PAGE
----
A 15-year-old leaves her home for New York City and a dream of dancing.

Sue Geier stood where she has for years last week and felt the same old feeling watching her daughter, the ballerina. On the other side of the glass, the 15-year-old girl gracefully leaped through the air and glided across the dance floor while going up and down "on pointe" in a pair of pink ballet shoes. It was that same soul-tingly feeling she felt when Moriah Geier was 2 years old and, in a diaper, mimicked nearly step-for-step her older sister Rebekah's dance routine. "It still warms my heart," said Geier, 52. But now there's some anxiety mixed in for Sue and her daughter. Moriah, a 10th-grader at Tarpon Springs High School until last week, is leaving the nest much earlier than most children. She has gone to the world-renowned Joffrey Ballet School in New York City.


"It's been up and down emotionally," Geier said about allowing her daughter to attend the school.

"I know it's the right thing to do, but every other day, I'd wake up and say 'no way.'"

Moriah says she doesn't fear leaving home or the dance studio she loves so dearly - or even having to make new friends. For Moriah, leaving her parents at such a tender age is a necessity. She's focused on one thing: dancing.

"I know I'm going to miss everyone," she said Thursday after finishing her last class at Tarpon Springs' Dance Evolution, where she says her second family resides.

"But I'd rather try it out and not like it than to never go and never know."

Moriah has been dancing practically all her life.

There was the diaper dance at age of 2. There have been dance classes and recitals for as long as the family can remember. She's danced in the Nutcracker, a Christmas ritual for most ambitious and budding ballerinas.

This summer, Moriah auditioned and participated in a six-week program at Joffrey Ballet School. While she danced and gobbled up every new technique she could, school officials were studying her.

After completing the summer dance program and returning to Tarpon Springs, Moriah got the call she wanted.

She had been accepted to the Joffrey Ballet School full time. In addition, she received a scholarship. For the next four years, from 9 a.m. to 4 p.m., she will be dancing.

Moriah is one of 75 students from around the world to be selected for the school's trainee/preprofessional program, said Alyssa Maksym of the Joffrey Ballet School.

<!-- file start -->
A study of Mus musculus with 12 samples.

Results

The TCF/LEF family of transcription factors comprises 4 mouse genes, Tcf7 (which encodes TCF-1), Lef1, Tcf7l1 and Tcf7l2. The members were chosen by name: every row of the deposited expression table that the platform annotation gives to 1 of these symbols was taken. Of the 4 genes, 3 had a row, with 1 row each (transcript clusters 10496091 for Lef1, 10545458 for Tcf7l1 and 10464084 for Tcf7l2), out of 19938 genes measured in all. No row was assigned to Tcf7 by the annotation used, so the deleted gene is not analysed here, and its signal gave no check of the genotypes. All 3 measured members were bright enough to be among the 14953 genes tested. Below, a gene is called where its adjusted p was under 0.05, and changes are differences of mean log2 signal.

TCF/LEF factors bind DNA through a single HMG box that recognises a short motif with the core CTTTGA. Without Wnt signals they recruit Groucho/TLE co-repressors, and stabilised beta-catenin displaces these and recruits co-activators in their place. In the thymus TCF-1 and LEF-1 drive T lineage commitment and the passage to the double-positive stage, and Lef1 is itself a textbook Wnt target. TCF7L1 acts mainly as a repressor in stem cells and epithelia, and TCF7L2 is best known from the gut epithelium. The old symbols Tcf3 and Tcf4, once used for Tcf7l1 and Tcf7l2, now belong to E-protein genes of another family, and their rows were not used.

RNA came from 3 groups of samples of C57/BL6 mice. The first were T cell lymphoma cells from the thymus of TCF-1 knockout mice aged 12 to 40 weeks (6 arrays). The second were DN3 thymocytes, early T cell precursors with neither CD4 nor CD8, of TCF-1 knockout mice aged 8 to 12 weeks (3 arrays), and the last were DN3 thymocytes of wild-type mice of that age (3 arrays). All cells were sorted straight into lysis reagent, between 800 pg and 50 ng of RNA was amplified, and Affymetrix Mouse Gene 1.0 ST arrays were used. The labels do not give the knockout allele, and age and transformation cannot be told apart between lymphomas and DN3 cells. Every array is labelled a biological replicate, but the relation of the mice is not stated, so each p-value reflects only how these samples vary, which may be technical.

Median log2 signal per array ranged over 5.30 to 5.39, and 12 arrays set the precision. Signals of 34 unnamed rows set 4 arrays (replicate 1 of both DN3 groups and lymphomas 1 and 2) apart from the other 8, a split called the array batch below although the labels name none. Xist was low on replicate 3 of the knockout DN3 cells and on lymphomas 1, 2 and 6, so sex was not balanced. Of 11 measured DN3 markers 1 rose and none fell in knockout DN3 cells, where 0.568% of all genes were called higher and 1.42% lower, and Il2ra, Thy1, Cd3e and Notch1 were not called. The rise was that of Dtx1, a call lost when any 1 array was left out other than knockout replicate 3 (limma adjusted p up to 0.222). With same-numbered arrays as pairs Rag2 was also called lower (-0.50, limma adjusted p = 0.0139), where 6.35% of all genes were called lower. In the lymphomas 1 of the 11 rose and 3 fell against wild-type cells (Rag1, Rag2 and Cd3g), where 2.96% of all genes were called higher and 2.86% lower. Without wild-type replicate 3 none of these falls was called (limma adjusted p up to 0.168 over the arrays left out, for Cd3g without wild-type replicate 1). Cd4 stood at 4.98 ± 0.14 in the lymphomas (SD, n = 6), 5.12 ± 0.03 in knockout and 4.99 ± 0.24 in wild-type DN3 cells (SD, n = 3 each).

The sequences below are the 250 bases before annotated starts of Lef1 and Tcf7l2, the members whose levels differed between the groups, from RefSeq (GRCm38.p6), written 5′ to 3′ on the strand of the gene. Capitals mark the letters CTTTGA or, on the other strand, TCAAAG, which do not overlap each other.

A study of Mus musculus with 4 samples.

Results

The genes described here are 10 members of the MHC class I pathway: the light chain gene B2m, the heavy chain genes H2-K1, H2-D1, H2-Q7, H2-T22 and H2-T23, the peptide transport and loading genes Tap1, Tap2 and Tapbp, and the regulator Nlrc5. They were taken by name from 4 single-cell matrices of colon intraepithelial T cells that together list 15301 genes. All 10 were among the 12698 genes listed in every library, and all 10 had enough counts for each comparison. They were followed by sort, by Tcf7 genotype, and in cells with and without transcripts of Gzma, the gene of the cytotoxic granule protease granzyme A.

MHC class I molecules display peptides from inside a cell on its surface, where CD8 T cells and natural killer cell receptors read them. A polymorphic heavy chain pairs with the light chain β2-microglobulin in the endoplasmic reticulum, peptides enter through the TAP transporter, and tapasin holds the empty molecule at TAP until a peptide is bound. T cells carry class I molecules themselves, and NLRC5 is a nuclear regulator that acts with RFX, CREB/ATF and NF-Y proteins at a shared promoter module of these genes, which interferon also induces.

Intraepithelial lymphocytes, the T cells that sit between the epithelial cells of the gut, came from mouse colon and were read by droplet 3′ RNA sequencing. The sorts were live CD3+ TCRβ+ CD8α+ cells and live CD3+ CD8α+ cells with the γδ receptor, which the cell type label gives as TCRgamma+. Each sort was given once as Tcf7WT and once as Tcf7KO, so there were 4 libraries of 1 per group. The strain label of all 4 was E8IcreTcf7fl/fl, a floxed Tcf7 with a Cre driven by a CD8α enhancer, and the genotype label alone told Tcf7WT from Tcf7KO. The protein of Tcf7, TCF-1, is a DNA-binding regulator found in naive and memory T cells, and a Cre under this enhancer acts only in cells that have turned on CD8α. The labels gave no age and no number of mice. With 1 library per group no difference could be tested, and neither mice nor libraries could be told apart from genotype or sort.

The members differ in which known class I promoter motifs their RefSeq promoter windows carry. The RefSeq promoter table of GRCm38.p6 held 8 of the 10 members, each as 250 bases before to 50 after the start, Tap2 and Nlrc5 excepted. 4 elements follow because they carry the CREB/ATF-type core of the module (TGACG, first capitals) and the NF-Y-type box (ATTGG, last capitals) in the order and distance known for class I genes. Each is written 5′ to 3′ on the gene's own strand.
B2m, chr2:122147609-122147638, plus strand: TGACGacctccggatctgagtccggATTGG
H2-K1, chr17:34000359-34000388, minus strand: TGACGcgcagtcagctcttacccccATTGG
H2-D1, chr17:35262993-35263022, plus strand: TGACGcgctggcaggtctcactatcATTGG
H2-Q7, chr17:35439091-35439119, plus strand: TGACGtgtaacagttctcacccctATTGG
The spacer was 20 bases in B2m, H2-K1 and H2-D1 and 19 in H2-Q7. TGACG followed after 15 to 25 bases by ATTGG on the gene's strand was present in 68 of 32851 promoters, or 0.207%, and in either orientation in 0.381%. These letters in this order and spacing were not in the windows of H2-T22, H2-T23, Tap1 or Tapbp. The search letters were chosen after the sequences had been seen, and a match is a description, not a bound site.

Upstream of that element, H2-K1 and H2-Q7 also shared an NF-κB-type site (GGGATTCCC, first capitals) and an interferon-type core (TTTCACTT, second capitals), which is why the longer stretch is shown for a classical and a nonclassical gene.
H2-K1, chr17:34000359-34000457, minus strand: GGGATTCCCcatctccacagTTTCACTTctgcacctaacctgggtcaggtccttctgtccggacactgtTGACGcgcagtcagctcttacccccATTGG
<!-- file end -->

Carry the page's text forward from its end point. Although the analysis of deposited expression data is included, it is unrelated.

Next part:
"I'd much rather be dancing all day than sitting in a class," Moriah said, her eyes sparkling with the possibilities.

Academics will come in the form of Florida's Virtual Home School. The program will allow Moriah to complete the Florida's high school curriculum via the Internet.

She will stay with her aunt, her mother's sister, who lives two blocks from Joffrey.


"That's every teacher's dream, to have one of your students dance in New York," said Reichardt, 36, who helped Moriah put together her audition tapes for Joffrey. "I wish I could go with her. I'm gonna cry. But she has a love for ballet."

Reichardt said, when it comes to the genre of ballet, dancers either "love it or hate it."

"It demands perfection," Reichardt said.

"There is never a moment when you are not striving for more, and Moriah has always been one of those people."

Sue Geier said the entire family's emotions have been all over the place in recent weeks. But talking through the decision with her daughter, she said, "When the emotions settle, Moriah never once ever imagined herself not doing this."

"We have to follow through with this," Geier said. "Why put it off? Go explore now and don't do what people tell you is supposed to happen. This is an opportunity that may not come again."

Yes, she's a bit nervous about making her mother and father, Larry, empty-nesters at such an early age.

Sister Rebekah, 19, is a sophomore at the University of Florida. But the love of dance is Moriah's overriding emotion.

"I love everything about it," Moriah said. "I just always feel the need to dance. It just makes me happy."

Demorris A. Lee can be reached at (727) 445-4174 or dalee@sptimes.com.